What does the Vernon Wells trade mean for Jose Bautista?


We’ve heard conflicting reports about whether the Blue Jays are picking up any of the $86 million remaining on Vernon Wells’ contract. Ken Rosenthal of FOXSports.com hears that they will, Shi Davidi of the Canadian Press hears that they won’t. Angels general manager Tony Reagins can’t possibly be that clueless, let’s just go with the assumption that they will.

As for the players the Blue Jays are getting in return, Juan Rivera is owed $5.25 million in 2011 and Mike Napoli just requested $6.1 million in arbitration from the Angels this week. That’s a total of $11.35 million. Neither player is cheap in the short-term, but dealing Wells should still give the Blue Jays quite a bit of payroll flexibility moving forward.

Anytime you can deal an albatross contract like the one Wells has, you have to do it, but one of the potential side benefits is that the Blue Jays will have some extra cash if they are interested in working out a multi-year contract with the arbitration-eligible Jose Bautista. The surprise home run king filed for $10.5 million and was offered $7.6 million from the Blue Jays when arbitration figures were exchanged on Tuesday.

As mentioned earlier this week, the Blue Jays have a policy under general manager Alex Anthopoulos that they do not negotiate one-year deals once the arbitration deadline has passed. Anthopoulos certainly deserves praise here, but we probably can’t judge this trade in full context until the Bautista situation is settled.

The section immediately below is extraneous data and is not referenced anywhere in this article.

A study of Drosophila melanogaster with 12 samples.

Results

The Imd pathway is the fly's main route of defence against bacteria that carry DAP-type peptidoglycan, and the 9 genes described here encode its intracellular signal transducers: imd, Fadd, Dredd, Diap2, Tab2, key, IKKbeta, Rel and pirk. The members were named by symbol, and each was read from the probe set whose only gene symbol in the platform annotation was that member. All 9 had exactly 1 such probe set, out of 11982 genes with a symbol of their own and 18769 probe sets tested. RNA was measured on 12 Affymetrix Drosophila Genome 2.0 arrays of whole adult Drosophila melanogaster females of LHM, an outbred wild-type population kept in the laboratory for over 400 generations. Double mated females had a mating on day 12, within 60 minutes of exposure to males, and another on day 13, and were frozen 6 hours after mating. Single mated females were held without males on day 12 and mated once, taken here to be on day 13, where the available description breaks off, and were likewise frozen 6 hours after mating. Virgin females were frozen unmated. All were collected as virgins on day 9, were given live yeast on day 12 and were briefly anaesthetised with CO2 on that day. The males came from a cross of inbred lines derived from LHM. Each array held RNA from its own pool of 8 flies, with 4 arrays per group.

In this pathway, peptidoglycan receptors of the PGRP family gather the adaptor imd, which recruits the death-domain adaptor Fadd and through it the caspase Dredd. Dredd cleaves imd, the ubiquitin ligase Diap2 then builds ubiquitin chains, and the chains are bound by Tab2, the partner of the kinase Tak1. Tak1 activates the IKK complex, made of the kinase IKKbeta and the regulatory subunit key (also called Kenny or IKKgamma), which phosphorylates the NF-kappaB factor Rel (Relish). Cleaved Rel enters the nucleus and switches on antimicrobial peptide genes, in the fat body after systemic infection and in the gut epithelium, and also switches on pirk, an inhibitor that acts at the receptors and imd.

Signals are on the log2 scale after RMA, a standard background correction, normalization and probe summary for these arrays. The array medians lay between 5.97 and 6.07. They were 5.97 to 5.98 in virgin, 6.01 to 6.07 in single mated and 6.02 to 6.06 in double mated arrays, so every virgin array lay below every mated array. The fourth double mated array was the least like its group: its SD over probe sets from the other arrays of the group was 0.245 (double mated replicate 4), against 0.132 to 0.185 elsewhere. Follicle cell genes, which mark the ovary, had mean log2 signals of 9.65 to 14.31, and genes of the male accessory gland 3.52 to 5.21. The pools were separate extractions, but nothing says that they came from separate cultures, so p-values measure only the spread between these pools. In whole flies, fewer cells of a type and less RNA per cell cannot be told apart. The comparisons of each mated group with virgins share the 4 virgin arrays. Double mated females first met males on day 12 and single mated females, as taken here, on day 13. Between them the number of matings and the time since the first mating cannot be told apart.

Bud Norris exits outing with right knee soreness


While the Angels are lucky to have avoided serious injury, they’ll need Norris to pitch at 100% if they want to stay competitive within the AL West. They currently sit a full nine games behind the league-leading Astros, and haven’t been helping their cause after taking five losses in their last eight games. Friday’s 8-5 finale marked their third consecutive loss of the week.

 

When healthy, Norris has been one of the better arms in the Angels’ bullpen. Through 23 2/3 innings, he’s pitched to a 2.66 ERA, 3.4 BB/9 and an outstanding 11.8 SO/9 in 23 outings. The righty hasn’t allowed a single run in four straight appearances, recording three saves and helping the club clinch four wins in that span. This is his second setback of the year after sustaining a partial fingernail tear on his pitching hand during spring training.

Video: Max Scherzer sets record with 13-strikeout outing


More remarkably, it was also the 53rd double-digit strikeout performance of Scherzer’s career, tying Clayton Kershaw for the most 10+ strikeout appearances by an active major league pitcher. Chris Sale is a distant third, with 43 to his name, though he’s been making considerable strides to catch up so far this spring.

Scherzer took the Padres to task on Friday night, whiffing 13 of 31 batters during his 108-pitch outing. He started strong, catching Allen Cordoba swinging on a 1-2 count to start the game and keeping the game scoreless until Ryan Schimpf unleashed a home run in the fourth inning. That was the first and final run the Padres managed off of Scherzer, who retired 14 consecutive batters following the blast and came one out shy of a complete game in the ninth inning. (Fittingly, Koda Glover polished off the win with a final strikeout, bringing the total to 14 on the night.)

It’ll take more than one stellar start to advance Scherzer and Kershaw on the all-time list, however. Their 53-game record ranks 13th, about 159 games behind second-place Hall of Fame hurler Randy Johnson and a full 162 games shy of the inimitable Nolan Ryan.